ISBN-13: 9780199536726

Edition: 2nd 2008

Authors: Wilkie Collins, John Sutherland

List price: $8.95

Called "the first and greatest of English detective novels" by T.S.Eliot, The Moonstone is a masterpiece of suspense. A fabulous yellow diamond becomes the dangerous inheritance of Rachel Verinder. Outside her Yorkshire country house watch the Hindu priests who have waited for many years to reclaim their ancient talisman, looted from the holy city of Somnauth. When the Moonstone disappears the case looks simple, but in mid-Victorian England no one is what they seem, and nothing can be taken for granted. Witnesses, suspects, and detectives each narrate the story in turn. The bemused butler, the love-stricken housemaid, the enigmatic detective Sergeant Cuff, the drug-addicted scientist--each speculate on the mystery as Collins weaves their narratives together. The Moonstone transcends the genre of detective novel or murder mystery, though, and this new edition features a fascinating introduction by John Sutherland which discusses the themes of imperialism, sensationalism and mesmerism.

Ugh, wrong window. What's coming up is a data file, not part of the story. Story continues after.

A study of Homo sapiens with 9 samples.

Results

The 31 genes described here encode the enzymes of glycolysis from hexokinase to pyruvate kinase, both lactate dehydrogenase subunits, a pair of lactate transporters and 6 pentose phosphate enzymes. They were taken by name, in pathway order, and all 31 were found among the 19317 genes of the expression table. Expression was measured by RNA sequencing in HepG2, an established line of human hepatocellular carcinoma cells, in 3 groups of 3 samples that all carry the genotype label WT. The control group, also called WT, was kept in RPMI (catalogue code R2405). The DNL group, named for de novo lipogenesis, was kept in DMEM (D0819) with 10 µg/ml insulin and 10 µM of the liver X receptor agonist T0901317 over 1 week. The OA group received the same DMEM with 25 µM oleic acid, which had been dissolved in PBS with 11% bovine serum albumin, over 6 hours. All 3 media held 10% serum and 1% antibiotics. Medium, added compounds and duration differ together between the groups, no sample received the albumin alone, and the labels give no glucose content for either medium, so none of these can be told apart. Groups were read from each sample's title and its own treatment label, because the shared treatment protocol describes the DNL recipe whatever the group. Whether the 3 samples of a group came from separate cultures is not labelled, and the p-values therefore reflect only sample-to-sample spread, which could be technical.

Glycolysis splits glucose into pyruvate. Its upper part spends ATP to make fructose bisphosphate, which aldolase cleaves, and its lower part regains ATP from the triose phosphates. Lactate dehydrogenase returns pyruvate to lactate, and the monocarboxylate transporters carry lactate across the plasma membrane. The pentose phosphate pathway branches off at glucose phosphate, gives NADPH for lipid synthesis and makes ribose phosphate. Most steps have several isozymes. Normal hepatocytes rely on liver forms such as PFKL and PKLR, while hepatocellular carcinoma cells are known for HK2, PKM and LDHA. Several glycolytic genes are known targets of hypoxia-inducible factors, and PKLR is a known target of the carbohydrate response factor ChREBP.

List price: $8.95
Edition: 2nd
Copyright year: 2008
Publisher: Oxford University Press, Incorporated
Publication date: 8/15/2008
Binding: Paperback
Pages: 560
Size: 5.25" wide x 7.75" long x 1.25" tall
Weight: 1.078
Language: English

Wilkie Collins was born in London, England on January 8, 1824. He worked first in business and then law, but eventually turned to literature. During his lifetime, he wrote 30 novels, more than 60 short stories, at least 14 plays, and more than 100 non-fiction pieces. His works include Antonia, The Woman in White, The Moonstone, The Haunted Hotel, and Heart and Science. He was a close friend of Charles Dickens and collaborated with him. He died on September 23, 1889.

John Sutherland has been a professor of literature for a long time and in many places. Currently he teaches untechnologically at the California Institute of Technology and is the emeritus Lord Northcliffe Professor at UCL. He is the author of numerous books, including the puzzle-collection Is Heathcliff a Murderer? (probably, yes) and the encyclopaedic Longman Companion to Victorian Fiction (soon to be reissued in a yet more encyclopaedic form). In recent years, he has written voluminously on a variety of literary and non literary topics in, principally, the Guardian and the Financial Times. His interest in literature has become more curious over the years. Martin Rowson is an award-winning cartoonist whose work appears regularly in the Guardian, the Independent on Sunday and many other publications. His books include a novel, Snatches; a memoir, Stuff; The Dog Allusion: Gods, Pets and How to Be Human; and comic book versions of T.S.Eliot's 'The Waste Land' and Laurence Sterne's Tristram Shandy. He smokes and qualifies as the sharpest literary-pictorial satirist of his time.